Feeds

Terrorist robots dissected - anatomy of a scare

DIY cruise missiles - not as easy as you think

Secure remote control for conventional and virtual desktops

The RF signals/EW battle is one that terrorists will really struggle to win. Lose badly enough and you won't just fail - you'll be traced to your remote piloting location and the next thing you know you'll be hip-deep in SAS men. To be honest, roadside emplacement would probably work better - perhaps that's why people tend to do it that way.

Even a nice simple GPS autonomous drone - if you could somehow make it strike hard enough at a reasonable price and size - can be jammed or spoofed without difficulty. It isn't hard to blot out or degrade the genuine civ-GPS signal within a smallish area, and the level of inconvenience to those nearby isn't all that great. It's not like drowning out hospital beepers or something. And the nasty old western forces aren't bothered at all, because they can use the encrypted military GPS signal.

Frankly, if GPS drones ever seem likely to become a threat, you can expect cheap simple GPS jammers at every target location. This sort of thing is one reason why a Tomahawk cruise missile costs hundreds of thousands of dollars, not $1k. (The other big factor is the need to lug a big warhead and lots of fuel.)

GPS deathbots aren't likely, though. Not soon. Terrorist cells which can make or obtain 50lb of reliable explosives, build them into a $60k robo-aircraft without blowing themselves up, and then operationally deploy the system by lorry without being betrayed, are quite thin on the ground.

If this was the heyday of the Provisional IRA, you might want to think about those GPS and RF-video jammers; but it isn't. The new kids on the block aren't in the PIRA league. They operate in UK organisations typically 10 strong or less - probably because they don't have solid community support - and it's a big day for them if they can make risky-but-functional TATP backpack bombs. Mostly they aren't even that good - indeed, they're often almost comically inept.

Even if PIRA were back, so what? Accept a little bit of GPS jamming around obvious targets, and get on with life.

Once again, it seems that the main thing we have to fear is fear itself. ®

Boost IT visibility and business value

More from The Register

next story
Cutting cancer rates: Data, models and a happy ending?
How surgery might be making cancer prognoses worse
Boffins ID freakish spine-smothered prehistoric critter: The CLAW gave it away
Bizarre-looking creature actually related to velvet worms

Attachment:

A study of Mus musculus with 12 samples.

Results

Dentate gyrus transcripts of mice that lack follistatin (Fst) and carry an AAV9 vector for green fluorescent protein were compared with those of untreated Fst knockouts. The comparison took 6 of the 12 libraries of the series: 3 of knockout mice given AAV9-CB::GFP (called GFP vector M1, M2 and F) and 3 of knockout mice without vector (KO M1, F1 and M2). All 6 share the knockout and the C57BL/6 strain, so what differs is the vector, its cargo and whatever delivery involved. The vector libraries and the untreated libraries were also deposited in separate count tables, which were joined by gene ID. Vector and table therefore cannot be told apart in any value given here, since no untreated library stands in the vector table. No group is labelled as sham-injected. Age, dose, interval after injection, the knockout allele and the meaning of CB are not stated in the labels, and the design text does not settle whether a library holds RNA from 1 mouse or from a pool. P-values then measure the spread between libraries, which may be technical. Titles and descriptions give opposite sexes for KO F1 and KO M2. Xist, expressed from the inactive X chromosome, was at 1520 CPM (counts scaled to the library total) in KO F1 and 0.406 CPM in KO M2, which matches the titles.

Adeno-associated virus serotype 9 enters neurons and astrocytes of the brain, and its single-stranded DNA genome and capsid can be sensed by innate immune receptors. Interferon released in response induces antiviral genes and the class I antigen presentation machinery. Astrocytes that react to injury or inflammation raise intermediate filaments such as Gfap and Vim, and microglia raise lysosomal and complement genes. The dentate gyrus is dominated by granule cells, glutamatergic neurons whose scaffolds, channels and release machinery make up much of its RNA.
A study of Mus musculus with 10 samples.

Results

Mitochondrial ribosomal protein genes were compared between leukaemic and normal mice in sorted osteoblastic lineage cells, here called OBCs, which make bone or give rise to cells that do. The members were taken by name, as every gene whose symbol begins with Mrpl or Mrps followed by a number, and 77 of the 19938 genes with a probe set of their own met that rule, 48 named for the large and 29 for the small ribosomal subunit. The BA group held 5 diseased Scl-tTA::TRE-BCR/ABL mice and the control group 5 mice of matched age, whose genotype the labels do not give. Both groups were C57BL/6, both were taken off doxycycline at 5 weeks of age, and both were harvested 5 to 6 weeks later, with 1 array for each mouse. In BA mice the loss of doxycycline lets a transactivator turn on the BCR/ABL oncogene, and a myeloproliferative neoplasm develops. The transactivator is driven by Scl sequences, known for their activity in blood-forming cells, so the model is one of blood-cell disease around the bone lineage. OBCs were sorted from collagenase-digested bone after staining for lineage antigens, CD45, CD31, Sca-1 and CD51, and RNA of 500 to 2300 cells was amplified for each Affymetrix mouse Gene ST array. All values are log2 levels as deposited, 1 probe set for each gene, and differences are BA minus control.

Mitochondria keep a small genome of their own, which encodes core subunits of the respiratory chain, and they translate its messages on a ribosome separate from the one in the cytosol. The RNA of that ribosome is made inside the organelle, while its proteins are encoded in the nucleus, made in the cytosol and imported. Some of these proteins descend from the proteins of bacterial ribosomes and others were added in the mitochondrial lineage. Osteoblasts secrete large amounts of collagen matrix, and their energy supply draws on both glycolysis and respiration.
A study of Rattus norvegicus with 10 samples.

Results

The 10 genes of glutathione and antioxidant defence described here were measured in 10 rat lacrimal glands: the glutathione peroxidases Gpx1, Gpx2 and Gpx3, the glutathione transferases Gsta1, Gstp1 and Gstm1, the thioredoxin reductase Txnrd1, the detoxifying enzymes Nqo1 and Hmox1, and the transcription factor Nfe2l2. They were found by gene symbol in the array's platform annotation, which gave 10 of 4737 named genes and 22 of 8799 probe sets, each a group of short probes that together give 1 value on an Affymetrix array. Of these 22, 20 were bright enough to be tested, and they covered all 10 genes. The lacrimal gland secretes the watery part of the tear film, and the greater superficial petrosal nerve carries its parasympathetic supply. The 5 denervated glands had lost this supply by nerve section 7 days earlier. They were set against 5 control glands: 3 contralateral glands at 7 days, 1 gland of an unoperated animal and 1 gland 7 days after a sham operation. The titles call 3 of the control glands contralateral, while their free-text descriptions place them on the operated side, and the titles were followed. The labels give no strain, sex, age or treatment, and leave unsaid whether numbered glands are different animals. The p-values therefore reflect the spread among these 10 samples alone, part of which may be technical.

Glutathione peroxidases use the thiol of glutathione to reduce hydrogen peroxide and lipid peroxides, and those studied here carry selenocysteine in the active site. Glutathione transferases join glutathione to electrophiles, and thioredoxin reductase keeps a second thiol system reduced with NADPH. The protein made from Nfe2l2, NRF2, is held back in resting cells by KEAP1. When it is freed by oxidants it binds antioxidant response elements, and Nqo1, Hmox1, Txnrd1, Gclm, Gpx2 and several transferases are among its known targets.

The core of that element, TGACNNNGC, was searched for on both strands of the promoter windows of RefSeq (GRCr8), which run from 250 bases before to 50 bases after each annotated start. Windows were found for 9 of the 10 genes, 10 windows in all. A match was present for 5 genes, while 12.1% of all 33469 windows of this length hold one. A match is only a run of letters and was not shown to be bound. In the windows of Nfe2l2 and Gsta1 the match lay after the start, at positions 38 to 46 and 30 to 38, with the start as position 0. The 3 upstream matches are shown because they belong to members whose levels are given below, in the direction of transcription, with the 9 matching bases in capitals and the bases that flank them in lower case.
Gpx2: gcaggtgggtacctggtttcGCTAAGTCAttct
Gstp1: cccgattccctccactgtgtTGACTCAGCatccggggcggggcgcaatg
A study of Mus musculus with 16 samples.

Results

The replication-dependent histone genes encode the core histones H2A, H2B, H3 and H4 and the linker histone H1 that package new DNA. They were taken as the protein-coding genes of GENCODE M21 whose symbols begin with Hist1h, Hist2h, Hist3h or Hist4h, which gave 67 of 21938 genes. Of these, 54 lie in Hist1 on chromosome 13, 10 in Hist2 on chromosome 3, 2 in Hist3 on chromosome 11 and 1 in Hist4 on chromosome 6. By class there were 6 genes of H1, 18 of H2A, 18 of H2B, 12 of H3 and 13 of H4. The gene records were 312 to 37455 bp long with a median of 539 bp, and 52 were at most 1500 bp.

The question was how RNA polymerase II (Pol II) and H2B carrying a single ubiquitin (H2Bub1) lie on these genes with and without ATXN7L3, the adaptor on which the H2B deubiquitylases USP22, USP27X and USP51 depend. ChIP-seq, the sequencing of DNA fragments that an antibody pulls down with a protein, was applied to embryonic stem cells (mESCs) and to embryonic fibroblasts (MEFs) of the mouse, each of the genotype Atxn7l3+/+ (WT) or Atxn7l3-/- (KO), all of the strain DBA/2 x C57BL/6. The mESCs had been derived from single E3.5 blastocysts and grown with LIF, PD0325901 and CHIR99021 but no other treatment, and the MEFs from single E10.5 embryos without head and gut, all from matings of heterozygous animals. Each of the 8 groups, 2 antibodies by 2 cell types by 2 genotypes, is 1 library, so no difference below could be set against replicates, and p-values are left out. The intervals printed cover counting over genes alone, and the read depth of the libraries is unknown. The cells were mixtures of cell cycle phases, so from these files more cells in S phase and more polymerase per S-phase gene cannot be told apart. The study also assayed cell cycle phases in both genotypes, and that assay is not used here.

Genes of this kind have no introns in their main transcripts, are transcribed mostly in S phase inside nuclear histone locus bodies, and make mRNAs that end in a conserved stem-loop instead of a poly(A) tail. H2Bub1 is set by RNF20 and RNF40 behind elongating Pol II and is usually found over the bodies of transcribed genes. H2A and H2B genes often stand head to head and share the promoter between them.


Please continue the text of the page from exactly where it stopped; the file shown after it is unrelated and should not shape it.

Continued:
CRR-CRRRK, beep, beep: Mars space truck backs out of slippery sand trap
Curiosity finds new drilling target after course correction
SpaceX prototype rocket EXPLODES over Texas. 'Tricky' biz, says Elon Musk
No injuries or near injuries. Flight stayed in designated area
Brit balloon bod Bodnar overflies North Pole
B-64 amateur ultralight payload approaching second circumnavigation
Galileo, Galileo! Galileo, Galileo! Galileo fit to go. Magnifico
I'm just a poor boy, nobody loves me. But at least I can find my way with ESA GPS by 2017
Our LOHAN spaceplane ballocket Kickstarter climbs through £8000
Through 25 per cent but more is needed: Get your UNIQUE rewards!
Astronomers scramble for obs on new comet
Amateur gets fifth confirmed discovery
prev story

Whitepapers

Implementing global e-invoicing with guaranteed legal certainty
Explaining the role local tax compliance plays in successful supply chain management and e-business and how leading global brands are addressing this.
5 things you didn’t know about cloud backup
IT departments are embracing cloud backup, but there’s a lot you need to know before choosing a service provider. Learn all the critical things you need to know.
Why and how to choose the right cloud vendor
The benefits of cloud-based storage in your processes. Eliminate onsite, disk-based backup and archiving in favor of cloud-based data protection.
Top 8 considerations to enable and simplify mobility
In this whitepaper learn how to successfully add mobile capabilities simply and cost effectively.
High Performance for All
While HPC is not new, it has traditionally been seen as a specialist area – is it now geared up to meet more mainstream requirements?